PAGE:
TANALISED E Oak Poles Support Reconstructed Prehistoric Settlement Arch customer Uvix Impregnation treated oak pilings with TANALITH E to be used in the reconstruction of a prehistoric settlement in Lake Ohrid, Macedonia.
The Macedonian Government’s Ministry of Culture commissioned Uvix of Sofia, Bulgaria to service treat 600m³ of oak poles with Arch’s TANALITH E wood preservative for the reconstruction project after the remains of a prehistoric pile dwelling settlement were discovered on the Eastern shore of Lake Ohrid – known as the ‘Bay of the Bones’ – estimated to be between 2,500 and 5,500 years old.
Between 1998 and 2002, over 6,000 wooden poles were discovered during numerous excavations under the sea. Due to these discoveries, scientists and historians estimated that the surface area of the settlement was around 8,500m². These ancient settlers had chosen to live in close proximity to the lake, in order to fish and collect water, and had built their sedentary homes on a raised platform built above oak piles.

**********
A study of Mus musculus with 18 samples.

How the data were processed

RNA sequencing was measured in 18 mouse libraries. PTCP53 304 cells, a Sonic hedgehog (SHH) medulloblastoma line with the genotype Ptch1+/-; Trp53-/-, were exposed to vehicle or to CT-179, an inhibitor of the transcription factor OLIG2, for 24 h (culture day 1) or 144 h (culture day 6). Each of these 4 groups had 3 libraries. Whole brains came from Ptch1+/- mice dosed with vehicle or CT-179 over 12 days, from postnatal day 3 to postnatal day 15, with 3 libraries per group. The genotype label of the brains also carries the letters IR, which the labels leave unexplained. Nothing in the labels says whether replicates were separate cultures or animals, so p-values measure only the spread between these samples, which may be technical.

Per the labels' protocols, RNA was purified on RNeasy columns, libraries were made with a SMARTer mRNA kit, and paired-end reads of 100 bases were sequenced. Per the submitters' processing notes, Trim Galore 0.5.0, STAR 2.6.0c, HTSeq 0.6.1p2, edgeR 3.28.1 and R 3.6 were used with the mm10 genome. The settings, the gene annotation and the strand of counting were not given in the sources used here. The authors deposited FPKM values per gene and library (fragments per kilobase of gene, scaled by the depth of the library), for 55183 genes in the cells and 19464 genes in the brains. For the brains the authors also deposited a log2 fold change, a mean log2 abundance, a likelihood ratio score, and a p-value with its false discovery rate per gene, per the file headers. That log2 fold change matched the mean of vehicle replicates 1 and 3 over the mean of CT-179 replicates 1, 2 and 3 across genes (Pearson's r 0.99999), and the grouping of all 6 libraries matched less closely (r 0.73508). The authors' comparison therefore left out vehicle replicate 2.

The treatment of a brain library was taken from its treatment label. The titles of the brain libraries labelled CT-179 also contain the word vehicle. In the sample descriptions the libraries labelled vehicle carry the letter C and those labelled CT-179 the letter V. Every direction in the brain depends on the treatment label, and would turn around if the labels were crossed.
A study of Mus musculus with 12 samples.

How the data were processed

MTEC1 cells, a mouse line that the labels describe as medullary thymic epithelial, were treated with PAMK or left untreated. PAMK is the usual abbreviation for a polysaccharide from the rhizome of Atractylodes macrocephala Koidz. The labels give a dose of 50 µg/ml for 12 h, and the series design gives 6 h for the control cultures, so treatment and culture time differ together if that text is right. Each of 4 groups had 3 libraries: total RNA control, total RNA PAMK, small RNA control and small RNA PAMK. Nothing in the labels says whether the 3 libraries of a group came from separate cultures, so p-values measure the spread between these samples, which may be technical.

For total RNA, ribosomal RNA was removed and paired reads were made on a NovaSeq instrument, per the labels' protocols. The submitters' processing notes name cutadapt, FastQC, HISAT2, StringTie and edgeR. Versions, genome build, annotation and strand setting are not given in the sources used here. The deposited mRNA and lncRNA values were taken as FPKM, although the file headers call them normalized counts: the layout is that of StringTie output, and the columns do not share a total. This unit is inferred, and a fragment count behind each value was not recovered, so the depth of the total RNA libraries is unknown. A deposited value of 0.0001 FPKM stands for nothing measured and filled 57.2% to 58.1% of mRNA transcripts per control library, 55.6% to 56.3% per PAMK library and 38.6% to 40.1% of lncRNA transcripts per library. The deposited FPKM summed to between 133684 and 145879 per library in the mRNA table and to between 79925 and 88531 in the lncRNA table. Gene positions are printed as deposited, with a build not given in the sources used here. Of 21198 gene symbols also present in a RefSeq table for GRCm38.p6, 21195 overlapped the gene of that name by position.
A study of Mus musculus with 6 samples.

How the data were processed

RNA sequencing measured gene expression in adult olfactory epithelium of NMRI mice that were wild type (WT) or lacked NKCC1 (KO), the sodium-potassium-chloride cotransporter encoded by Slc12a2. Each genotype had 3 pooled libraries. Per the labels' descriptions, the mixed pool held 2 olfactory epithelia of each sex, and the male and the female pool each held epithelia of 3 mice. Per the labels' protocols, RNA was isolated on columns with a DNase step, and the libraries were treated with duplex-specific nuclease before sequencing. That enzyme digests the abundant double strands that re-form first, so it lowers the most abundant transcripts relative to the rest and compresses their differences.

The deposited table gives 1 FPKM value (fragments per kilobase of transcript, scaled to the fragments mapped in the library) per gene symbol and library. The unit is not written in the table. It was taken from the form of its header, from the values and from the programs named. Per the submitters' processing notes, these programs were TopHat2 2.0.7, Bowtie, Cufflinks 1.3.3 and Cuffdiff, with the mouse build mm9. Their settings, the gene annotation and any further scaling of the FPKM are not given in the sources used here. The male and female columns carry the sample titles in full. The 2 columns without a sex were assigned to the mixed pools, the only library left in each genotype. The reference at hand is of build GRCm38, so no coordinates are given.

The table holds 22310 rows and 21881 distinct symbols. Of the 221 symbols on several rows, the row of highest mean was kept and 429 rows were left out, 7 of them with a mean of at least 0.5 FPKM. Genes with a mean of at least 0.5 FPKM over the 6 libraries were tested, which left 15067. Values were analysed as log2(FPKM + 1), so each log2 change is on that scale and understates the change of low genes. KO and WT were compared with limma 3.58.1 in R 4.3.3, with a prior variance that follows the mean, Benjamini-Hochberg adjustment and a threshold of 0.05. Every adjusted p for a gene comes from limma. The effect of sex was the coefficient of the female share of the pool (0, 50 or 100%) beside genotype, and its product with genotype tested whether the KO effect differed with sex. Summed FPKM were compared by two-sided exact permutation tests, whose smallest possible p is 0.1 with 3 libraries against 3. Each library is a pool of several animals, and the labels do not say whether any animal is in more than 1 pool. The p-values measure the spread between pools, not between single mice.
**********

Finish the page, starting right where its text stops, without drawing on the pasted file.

The Macedonian Government – who financed the project – were keen to reconstruct the settlement and an associated museum using the same materials as used in 3,500BC. The reconstructed part of the dwelling settlement was again built over the water above the oak piles with the homes created using timber, clay, animal skins and reeds, which offers visitors a realistic look at how prehistoric families once lived in Macedonia.
TANALITH E was chosen for the project as the preservative provides proven performance against fungal and insect attack even in water contact.
Janet Sycamore, Arch Timber Protection’s
Marketing Services Manager, said, ‘TANALITH E is an ideal choice for fresh water piling and other high-risk applications by offering long-term effective and consistent protection, which is supported by years of field data and performance testing’.